Via Financial Times

Mexico’s energy ministry has rammed through sweeping new rules that private power generators fear could spell the end of their participation in the electricity market, as President Andrés Manuel López Obrador pushes ahead with his vision to bring the sector under state control.

Late on Friday measures to give the government more control over who can generate power, where they can operate and how much they can produce were published in the official gazette. The measures contravene legislation enacted in 2014 under a landmark energy reform that set up an independent market operator.

Rocío Nahle, energy minister, earlier on Friday sought expedited regulatory approval for the measures.

Arguing that the Covid-19 health emergency requires new guidelines to ensure power supplies are guaranteed, she initially tried to circumvent approval by the National Commission for Regulatory Improvement, or Conamer, by seeking publication directly in the official gazette, or DOF. The DOF refused.

Asked to greenlight the guidelines directly, César Hernández, the head of Conamer, whose job is to improve Mexico’s regulatory framework, resigned on Friday night, in a sign of the disquiet the move had sparked.

Industry executives saw the move as an attempt to enact a blueprint, revealed by the FT in December, to curb private participation in the power market and consolidate generation in the hands of the state-run utility CFE.

“This is the most direct attempt yet to recover control of the sector,” said one senior executive.

Large international companies including Iberdrola and Naturgy of Spain, AES and Sempra of the US, Enel of Italy, France’s Engie and Denmark’s Vestas have invested in Mexico’s power sector.


The chief executive of one private company added: “This is immense for the entire power industry. If it goes through, it’s the end. We will do our best to contain it.”

The energy minister’s new move goes well beyond measures announced by the electricity market operator Cenace at the end of April, which had already alarmed the private sector.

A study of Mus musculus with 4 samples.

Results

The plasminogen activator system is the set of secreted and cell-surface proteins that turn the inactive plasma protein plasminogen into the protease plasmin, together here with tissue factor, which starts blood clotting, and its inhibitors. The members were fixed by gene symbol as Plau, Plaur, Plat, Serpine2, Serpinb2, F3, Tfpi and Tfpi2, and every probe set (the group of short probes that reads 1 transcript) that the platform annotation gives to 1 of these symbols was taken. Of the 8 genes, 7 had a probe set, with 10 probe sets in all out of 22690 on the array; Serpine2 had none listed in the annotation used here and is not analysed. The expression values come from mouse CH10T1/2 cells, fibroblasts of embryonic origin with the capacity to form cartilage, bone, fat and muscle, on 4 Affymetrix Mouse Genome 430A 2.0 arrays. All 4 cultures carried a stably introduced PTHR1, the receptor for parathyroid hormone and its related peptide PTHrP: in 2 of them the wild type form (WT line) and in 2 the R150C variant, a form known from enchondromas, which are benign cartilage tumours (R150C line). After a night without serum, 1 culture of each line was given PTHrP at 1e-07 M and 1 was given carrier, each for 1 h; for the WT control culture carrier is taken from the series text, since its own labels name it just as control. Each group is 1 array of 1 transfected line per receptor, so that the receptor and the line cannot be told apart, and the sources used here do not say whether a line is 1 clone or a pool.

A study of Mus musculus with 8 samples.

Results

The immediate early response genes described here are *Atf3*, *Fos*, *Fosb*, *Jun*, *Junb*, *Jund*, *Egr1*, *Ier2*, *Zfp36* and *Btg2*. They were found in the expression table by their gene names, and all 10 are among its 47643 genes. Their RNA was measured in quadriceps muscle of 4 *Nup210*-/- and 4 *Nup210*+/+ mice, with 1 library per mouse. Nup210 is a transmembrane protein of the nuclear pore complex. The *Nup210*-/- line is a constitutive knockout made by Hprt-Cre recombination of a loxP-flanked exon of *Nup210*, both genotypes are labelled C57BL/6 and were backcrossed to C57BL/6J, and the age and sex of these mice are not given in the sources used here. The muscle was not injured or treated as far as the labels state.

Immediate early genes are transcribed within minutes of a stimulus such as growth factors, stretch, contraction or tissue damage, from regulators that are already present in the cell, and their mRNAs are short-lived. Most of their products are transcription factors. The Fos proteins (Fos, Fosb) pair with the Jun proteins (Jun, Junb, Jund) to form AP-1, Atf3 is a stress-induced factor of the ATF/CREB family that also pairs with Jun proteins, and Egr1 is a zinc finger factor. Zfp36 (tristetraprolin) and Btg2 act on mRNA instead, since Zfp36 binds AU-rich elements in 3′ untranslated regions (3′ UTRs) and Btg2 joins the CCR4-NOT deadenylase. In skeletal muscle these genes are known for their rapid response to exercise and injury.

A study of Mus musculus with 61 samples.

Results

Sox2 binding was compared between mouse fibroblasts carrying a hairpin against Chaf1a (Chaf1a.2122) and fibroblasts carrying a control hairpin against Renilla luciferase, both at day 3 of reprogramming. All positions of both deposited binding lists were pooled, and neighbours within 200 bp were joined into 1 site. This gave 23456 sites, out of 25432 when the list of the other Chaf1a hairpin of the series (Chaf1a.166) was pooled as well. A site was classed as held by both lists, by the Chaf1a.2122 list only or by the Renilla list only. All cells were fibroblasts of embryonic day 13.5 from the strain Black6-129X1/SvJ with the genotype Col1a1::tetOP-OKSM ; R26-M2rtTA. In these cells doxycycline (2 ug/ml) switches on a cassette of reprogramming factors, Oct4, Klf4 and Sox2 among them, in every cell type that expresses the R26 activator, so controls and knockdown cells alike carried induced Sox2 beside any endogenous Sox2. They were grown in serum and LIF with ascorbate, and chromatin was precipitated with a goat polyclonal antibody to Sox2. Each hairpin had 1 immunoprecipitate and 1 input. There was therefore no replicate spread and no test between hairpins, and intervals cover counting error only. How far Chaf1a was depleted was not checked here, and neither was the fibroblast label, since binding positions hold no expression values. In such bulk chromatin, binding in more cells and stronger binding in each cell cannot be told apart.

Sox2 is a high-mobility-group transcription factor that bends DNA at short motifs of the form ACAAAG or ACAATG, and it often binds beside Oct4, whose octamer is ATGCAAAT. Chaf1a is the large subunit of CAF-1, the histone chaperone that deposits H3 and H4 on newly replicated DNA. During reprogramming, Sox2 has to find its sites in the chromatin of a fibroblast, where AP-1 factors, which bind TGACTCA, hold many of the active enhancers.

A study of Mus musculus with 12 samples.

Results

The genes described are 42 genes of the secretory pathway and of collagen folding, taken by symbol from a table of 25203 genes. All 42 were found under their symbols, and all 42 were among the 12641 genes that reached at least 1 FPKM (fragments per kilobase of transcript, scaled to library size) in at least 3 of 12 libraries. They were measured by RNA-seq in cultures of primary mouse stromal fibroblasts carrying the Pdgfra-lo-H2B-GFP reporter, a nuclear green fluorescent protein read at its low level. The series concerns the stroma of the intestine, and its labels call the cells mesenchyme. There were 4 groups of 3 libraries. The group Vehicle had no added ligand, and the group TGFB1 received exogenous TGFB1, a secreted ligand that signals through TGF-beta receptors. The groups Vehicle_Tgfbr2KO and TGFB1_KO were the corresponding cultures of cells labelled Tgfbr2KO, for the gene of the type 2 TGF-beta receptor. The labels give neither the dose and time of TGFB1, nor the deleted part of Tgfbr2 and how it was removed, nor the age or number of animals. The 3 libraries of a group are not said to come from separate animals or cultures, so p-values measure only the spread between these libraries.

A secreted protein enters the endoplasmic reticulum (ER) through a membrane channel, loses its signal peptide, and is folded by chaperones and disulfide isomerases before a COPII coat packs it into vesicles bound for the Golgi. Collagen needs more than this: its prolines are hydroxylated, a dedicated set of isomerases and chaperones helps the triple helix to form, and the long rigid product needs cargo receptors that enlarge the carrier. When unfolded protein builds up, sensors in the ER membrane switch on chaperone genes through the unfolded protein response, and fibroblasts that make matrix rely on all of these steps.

The April directive abruptly changed the rules for renewables generation by putting an indefinite hold on new wind and solar projects about to begin testing or to connect to the national grid. Cenace said its move was prompted by concerns about the reliability of the supply during the Covid pandemic.

The renewables industry said that directive had put $6bn in green power projects at risk, and companies had already begun the process of seeking injunctions against it, according to the industry executive.

“This could be the first step to dismantling the electricity market, which is very worrying,” said Julio Valle, spokesman for Mexico’s wind and solar power associations, Amdee and Asolmex.

The wind and solar associations say Cenace’s rule change would affect 44 clean energy projects that would have saved monthly carbon-dioxide emissions of 714,000 tonnes, and could jeopardise almost 30,000 jobs. Wind and solar projects in Mexico have some of the lowest generation costs in the world.


“When you are clearly seeking to favour a national, and especially state, entity, that is in violation of these treaties,” said the lawyer.

Graeme Clark, Canada’s ambassador to Mexico, has requested a telephone meeting with Ms Nahle over the latest proposal for the sector, saying it “adds to other measures, changes in laws and policies which harm investment in renewable energy in the country”.

In a separate letter, EU ambassadors expressed their “profound concern”.

Mexico’s competition regulator, Cofece, has yet to comment on the ministry’s new design for the sector. However, on May 7 it criticised Cenace, saying its directive “artificially strengthened” CFE’s position and erected barriers to competition.

The energy ministry’s proposals would end the current practice of dispatching the cheapest energy first into the national grid.

Ms Nahle, energy minister, has denied the government was seeking to destroy the market but said in a recent radio interview that the rule change was designed to guarantee CFE had 54 per cent market share — which the government sees as the minimum threshold.

The ministry did not reply to a request for comment on the latest move but Mr López Obrador said this month there had to be “fair treatment to the Federal Electricity Commission (CFE) regarding bringing energy into the grid, because private firms had preference before”.

“This is not the first time the rules of the game have changed. It increases uncertainty for investment needed for [post-Covid-19] economic recovery,” said Roxana Muñoz at Moody’s Investors Service, a rating agency.


Renewables groups have been lobbying Washington to put pressure on Mr López Obrador to backtrack on the April directive, saying it harms investors, including US firms with green power interests in Mexico.

Among investors in the sector is BlackRock, the world’s biggest asset manager, whose boss Larry Fink last month held a video call with Mr López Obrador to discuss the coronavirus pandemic.

“The only thing they listen to is pressure from the US government,” said the renewables chief executive. “This isn’t only about renewables. This is about the entire power system.”